One of the flyovers will require construction work in Shilparamam, resulting in temporary closure of the art village as well as demolition of around 200 stalls.

300 shops in Telangana art village face temporary closure thanks to a road projectFile Photo
news News Thursday, June 22, 2017 - 16:21

Thirty one-year-old Santoshi Das, a native of Puri in Odisha, owns a stall of wooden items and palm leaf paintings. She seems busy with a register and a calculator. 

“I calculate every day how much we made by selling these items. But this register is different. This register contains how many more articles we have. We are trying to sell most of the items before we shift back to Odisha,” she told The News Minute. 

Santoshi, like 290 other artisans and shop owners who have businesses in Shilparamam - an art village in Madhapur, will be largely affected due to its temporary closure.

Under the Strategic Road Development Plan (SRDP), the Telangana government plans to construct multi-layer flyovers over 20 key junctions in the city. One of the flyovers will require construction work in Shilparamam, resulting in temporary closure of the art village. 

“What other option do we have, other than going back to Odisha. There is no clarity on how long the construction work will go on. They might say that the construction will take five to six months, but we do not know, it might take a year,” says Santoshi. 

She estimates a loss of nearly Rs.5 lakh, due to the closure. 

The art village has already received a letter from Greater Hyderabad Municipal Corporation (GHMC) asking them to hand over the land so that the construction work can be started. 

“They sent the letter a few weeks back, but we have verbally requested them to conduct a meeting with the officials of Shilparamam. We want to discuss the work and from where they will start the work, so that we can consider relocating the stalls. We are even planning to request them to complete the work within three months,” said a senior official in Shilparamam. 

According to the official, the flyover will be passing through 1.75 acres of land inside the art village, which is where all the stalls are located currently. 

“As the flyover is passing through the entry and exit points of the village, for a brief period we will have to keep it closed, but nearly 200 stalls will be demolished due to the construction, as a major chunk of it is falling in that area,” the official added. 

Currently Shilparamam consists of nearly 300 stalls, which provide employment to over 3000 people. 

“Two days back, a few officials from GHMC came and marked some of the places. They might start the work soon. I have been here for the past 10 years, it has become almost like home. But during this construction period, I will have to go home, as we do not know how much time it will take,” says Mohammad Irfan, who owns a handloom shop and is a resident of Srinagar.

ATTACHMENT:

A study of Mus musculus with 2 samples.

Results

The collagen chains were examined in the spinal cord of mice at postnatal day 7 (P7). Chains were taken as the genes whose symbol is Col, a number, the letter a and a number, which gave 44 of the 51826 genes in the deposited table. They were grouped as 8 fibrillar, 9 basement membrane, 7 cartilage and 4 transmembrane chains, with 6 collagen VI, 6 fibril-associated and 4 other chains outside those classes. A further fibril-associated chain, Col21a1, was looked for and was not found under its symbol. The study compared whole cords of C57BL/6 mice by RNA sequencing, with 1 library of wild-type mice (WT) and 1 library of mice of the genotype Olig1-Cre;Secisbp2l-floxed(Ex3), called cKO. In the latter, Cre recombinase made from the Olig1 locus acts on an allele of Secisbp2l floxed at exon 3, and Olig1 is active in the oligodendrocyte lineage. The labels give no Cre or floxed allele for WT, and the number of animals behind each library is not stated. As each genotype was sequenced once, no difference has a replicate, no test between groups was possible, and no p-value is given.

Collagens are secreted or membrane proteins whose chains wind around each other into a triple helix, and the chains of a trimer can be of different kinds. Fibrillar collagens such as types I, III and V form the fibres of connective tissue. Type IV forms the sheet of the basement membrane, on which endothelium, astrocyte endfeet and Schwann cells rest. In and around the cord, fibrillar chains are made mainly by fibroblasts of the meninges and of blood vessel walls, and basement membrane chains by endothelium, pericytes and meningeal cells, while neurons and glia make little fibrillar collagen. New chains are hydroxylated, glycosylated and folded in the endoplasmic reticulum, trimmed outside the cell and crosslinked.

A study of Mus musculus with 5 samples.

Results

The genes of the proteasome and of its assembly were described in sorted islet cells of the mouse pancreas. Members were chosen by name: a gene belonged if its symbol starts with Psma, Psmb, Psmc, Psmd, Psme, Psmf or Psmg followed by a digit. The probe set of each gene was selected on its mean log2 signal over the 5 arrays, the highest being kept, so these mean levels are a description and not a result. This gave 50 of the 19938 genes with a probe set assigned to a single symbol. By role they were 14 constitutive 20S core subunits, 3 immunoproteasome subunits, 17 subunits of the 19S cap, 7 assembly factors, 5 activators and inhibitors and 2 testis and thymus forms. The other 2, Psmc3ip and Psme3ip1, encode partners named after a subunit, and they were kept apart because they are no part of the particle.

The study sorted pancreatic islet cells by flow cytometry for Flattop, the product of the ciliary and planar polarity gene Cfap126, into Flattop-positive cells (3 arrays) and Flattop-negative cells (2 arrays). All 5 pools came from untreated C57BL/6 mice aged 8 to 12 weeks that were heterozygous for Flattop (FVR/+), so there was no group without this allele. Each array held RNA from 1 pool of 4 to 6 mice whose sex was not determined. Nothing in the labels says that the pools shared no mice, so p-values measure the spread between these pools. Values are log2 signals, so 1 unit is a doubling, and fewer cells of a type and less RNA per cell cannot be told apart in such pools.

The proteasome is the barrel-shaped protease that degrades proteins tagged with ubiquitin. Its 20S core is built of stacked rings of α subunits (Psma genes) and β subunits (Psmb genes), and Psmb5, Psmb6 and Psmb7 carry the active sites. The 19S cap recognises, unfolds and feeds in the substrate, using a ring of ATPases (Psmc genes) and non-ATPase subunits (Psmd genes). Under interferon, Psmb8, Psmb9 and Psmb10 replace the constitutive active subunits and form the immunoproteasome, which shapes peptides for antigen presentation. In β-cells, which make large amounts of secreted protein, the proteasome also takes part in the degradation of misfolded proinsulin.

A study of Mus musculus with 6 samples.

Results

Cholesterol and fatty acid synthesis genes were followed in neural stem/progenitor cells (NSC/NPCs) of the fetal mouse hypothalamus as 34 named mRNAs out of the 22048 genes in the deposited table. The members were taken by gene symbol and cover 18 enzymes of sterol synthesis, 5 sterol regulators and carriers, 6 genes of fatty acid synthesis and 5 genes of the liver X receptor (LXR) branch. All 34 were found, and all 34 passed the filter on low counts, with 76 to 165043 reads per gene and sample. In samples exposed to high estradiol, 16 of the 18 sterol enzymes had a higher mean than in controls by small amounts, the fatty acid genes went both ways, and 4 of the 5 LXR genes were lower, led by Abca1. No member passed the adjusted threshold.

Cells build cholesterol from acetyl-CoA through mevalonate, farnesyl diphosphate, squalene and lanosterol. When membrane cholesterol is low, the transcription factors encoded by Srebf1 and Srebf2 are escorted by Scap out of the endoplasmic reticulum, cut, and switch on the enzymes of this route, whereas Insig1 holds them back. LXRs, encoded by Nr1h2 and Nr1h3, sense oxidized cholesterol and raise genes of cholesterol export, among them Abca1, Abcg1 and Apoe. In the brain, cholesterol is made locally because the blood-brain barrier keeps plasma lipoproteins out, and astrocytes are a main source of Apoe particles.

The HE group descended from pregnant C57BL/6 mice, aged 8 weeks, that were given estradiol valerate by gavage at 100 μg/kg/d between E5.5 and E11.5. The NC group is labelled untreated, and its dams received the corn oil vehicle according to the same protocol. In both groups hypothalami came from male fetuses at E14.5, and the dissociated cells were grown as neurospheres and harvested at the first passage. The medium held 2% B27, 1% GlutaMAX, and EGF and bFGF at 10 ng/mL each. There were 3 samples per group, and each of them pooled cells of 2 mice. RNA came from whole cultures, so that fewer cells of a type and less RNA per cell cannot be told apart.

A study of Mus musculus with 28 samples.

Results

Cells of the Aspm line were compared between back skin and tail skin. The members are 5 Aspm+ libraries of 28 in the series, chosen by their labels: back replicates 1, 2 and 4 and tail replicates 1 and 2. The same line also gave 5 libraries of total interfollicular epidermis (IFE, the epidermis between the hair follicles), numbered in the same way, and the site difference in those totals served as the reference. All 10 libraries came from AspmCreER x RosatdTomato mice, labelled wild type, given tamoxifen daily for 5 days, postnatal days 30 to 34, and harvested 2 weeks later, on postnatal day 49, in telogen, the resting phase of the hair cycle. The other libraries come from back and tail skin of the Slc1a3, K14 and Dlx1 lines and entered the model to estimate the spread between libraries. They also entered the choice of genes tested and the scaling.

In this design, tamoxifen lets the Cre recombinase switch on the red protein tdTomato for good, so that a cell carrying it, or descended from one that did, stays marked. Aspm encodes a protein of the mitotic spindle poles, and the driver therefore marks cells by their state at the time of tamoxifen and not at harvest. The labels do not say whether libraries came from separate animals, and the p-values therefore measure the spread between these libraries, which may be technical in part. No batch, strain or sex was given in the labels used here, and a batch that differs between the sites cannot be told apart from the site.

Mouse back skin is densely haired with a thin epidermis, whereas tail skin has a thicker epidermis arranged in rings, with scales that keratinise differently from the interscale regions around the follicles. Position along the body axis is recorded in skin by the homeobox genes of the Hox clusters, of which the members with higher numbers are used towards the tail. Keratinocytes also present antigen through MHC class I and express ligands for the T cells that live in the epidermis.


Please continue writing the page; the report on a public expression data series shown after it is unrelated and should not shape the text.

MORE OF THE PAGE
Irfan says that now they are paying Rs. 8000 for the stall every month, but if the place shuts down, he would have to look for a rented shop which will cost him more than Rs. 2 lakh including the deposit. 

“Here, people come not just for shopping but for the ambience of the place. It is not known as a market, it is an art village. We make our own items and sell them here, so they are inexpensive and authentic. Why would anyone want to demolish even a part of this village. There is no point asking these questions because who will listen to our plight?” says Irfan. 

Shilparamam not only consists of markets but also provides an environment for the preservation of traditional crafts and culture. It consists of a large area covered in greenery, where several cultural programmes are also carried out. 

“It is not a market, it is a craft village. The shop owners are not usual vendors, they are certified by the development commissioner of handicraft and handloom. There are craftsmen from everywhere- Rajasthan, Odisha, Kashmir, Gujarat, West Bengal, Madhya Pradesh, Tamil Nadu, Andhra and Telangana. This place was created to revive the forgotten traditions. We have a pottery hut, where the potters demonstrate their skill and the same is for weavers. We even conduct classes to teach these skills,” explains the senior official. 

However, the closure of the village will not only affect the craftsmen but also disturb the traditional ambience, which is the main concept behind Shilparamam. 

Suhail, who makes different sets of furnitures, jewellery boxes and lamps hails from Uttar Pradesh. He has been staying in Hyderabad and working in Shilparamam for over a decade. 

“I have a daughter and my wife is pregnant. Initially we decided that we will not have more kids after my daughter was born, but the earning has been going good, so we planned for a son. Now, I am worried that if I have to close shop for a year, how will we survive. They have not announced any compensation for the stall owners. They should know that it will be hard for us to start a new shop all over again,” he rues. 

The official said that this will be a temporary closure and till then, the stall owners could be relocated. However, it depends on where the construction will start from. 

He also told TNM that land inside Shilparamam will consist of pillars of two flyovers which would connect Gachibowli, JNTU, Madhapur and Kondapur.

TNM contacted GHMC officials, however, the officer concerned was not available for comment.